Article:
If you've been following graphics specialist NVIDIA (NASDAQ:NVDA), you probably know the company gave a financial forecast that badly missed analyst and investor expectations. Driving that worse-than-expected forecast was that the distribution channels were filled with the company's midrange GTX 1060 graphics cards, so much so that the company decided to stop selling those cards into the distribution channels altogether.
As NVIDIA CEO Jensen Huang had previously hinted, the company has been working on a successor to the GTX 1060 based on its new Turing graphics architecture, called the RTX 2060. Thanks to a new set of leaks from VideoCardz, the generally reliable computer hardware news website, we now know a lot about the RTX 2060. Let's look at the details and why investors should care.
Pricing and performance
You can go to VideoCardz for more detailed performance data, but the bottom line is that the RTX 2060 is supposed to be significantly more powerful than the GTX 1060. In fact, the site claims that, according to NVIDIA's reviewers guide for the RTX 2060, it will deliver performance on par with the company's older, higher-end GTX 1070 Ti. The RTX 2060 also has features the older GTX 1070 Ti lacks, such as support for hardware-accelerated ray tracing.
Overall, it packs a pretty sizable jump in performance.
VideoCardz also claims the RTX 2060 will cost $349 and that this pricing will apply both to NVIDIA's own Founders Edition cards as well as serve as an MSRP for the cards based on the RTX 2060 processor that the company's add-in-card partners produce.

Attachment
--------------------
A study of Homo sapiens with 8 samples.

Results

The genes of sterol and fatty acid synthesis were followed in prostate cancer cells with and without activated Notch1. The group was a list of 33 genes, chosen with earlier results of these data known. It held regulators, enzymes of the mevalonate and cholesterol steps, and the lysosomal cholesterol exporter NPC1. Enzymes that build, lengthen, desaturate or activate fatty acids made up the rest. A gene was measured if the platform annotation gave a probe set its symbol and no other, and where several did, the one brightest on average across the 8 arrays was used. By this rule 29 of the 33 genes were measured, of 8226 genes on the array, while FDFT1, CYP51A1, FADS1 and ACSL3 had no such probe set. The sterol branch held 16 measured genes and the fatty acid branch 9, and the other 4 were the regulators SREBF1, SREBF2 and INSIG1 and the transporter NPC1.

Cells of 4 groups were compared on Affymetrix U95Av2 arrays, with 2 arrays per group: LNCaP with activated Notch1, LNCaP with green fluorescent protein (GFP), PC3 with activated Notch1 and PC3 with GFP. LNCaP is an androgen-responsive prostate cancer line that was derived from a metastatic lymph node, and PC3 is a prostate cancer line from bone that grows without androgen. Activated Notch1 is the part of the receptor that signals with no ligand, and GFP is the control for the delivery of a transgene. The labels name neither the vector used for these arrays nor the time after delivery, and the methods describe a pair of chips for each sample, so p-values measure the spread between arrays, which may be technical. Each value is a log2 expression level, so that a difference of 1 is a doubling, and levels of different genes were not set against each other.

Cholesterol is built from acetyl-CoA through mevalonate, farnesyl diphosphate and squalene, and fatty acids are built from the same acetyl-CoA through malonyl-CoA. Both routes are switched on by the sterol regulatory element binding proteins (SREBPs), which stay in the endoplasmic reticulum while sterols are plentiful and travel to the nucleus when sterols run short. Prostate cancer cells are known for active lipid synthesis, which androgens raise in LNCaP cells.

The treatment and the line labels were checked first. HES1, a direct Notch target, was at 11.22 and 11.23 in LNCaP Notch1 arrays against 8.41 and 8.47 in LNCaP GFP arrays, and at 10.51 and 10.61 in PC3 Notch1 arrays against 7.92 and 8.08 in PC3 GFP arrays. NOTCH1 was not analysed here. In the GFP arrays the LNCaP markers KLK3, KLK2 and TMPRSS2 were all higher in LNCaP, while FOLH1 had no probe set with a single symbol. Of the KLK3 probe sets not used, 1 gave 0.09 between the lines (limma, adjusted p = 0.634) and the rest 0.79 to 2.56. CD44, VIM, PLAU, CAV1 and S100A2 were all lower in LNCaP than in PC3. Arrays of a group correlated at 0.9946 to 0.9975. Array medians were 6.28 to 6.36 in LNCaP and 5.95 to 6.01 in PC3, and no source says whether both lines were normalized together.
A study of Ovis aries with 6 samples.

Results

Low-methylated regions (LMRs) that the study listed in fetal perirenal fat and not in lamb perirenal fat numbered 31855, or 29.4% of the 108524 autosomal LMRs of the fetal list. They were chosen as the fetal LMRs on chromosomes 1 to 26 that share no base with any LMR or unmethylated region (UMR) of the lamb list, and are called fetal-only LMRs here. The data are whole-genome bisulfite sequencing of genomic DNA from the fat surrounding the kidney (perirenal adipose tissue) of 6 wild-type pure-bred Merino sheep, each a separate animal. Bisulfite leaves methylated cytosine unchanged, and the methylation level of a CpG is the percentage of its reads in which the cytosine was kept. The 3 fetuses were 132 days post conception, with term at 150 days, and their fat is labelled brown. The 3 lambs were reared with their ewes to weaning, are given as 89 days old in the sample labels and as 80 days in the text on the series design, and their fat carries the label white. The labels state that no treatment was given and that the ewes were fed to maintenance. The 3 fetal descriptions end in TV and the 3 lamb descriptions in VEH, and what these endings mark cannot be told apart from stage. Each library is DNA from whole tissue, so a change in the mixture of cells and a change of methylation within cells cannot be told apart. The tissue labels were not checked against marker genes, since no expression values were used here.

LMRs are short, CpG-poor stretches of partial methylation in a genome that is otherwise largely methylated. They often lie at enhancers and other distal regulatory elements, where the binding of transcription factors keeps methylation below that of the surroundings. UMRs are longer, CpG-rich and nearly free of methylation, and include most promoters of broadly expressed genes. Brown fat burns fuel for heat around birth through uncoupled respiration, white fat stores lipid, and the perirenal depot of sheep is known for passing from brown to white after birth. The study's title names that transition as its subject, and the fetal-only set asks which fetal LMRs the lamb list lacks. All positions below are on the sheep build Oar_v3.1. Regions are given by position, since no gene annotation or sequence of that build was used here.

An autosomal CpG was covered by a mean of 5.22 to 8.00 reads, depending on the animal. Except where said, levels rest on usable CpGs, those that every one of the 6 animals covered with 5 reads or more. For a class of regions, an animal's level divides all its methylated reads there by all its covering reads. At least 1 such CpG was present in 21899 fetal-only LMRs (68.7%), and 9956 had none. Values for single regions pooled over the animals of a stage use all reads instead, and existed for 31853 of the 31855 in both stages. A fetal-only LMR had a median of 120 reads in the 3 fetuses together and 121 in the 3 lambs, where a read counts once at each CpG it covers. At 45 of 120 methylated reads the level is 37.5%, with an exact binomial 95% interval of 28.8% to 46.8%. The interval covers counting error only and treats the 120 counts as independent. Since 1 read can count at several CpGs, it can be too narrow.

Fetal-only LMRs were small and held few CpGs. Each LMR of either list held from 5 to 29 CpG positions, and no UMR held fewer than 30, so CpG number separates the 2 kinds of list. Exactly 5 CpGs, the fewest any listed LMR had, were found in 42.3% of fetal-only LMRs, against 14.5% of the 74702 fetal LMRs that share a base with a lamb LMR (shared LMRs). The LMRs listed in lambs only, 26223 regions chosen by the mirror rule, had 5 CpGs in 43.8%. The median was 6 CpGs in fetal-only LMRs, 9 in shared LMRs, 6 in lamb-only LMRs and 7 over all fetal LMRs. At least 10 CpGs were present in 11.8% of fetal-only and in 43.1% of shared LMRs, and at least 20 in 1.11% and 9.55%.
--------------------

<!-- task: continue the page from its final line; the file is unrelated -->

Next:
Another way to think about it is that NVIDIA is essentially replacing the older GTX 1070 Ti with a cheaper part that performs roughly similarly in today's games while adding in new capabilities that could be useful in tomorrow's. Viewed from that lens, the RTX 2060 looks like it should be a winner.
RTX 2060 launching soon
Finally, according to VideoCardz, the RTX 2060 is set to be announced on Jan. 7, followed by availability on Jan. 15.
Although some might question whether it's wise for NVIDIA to launch the RTX 2060 in early January, when management said it could take a quarter or two for channel inventory levels of the older GTX 1060 to burn off, the pricing and positioning of the RTX 2060 shouldn't interfere too much with the company's efforts to drain the channel of GTX 1060 parts.
Indeed, while the RTX 2060 has a model number that indicates that it's a successor to the GTX 1060, keep in mind that the RTX 2060 is set to be offered at a meaningfully higher price point than the GTX 1060. That should mean customers with budgets topping out at around $200 to $250 won't be buying the RTX 2060 -- the GTX 1060 will be their best option from NVIDIA.
Another thing to keep in mind is that if the RTX 2060 sells for around $350, then retailers, who may have been reluctant to drop pricing too much on the GTX 1060, will be forced to keep pricing on the GTX 1060 low to keep them moving.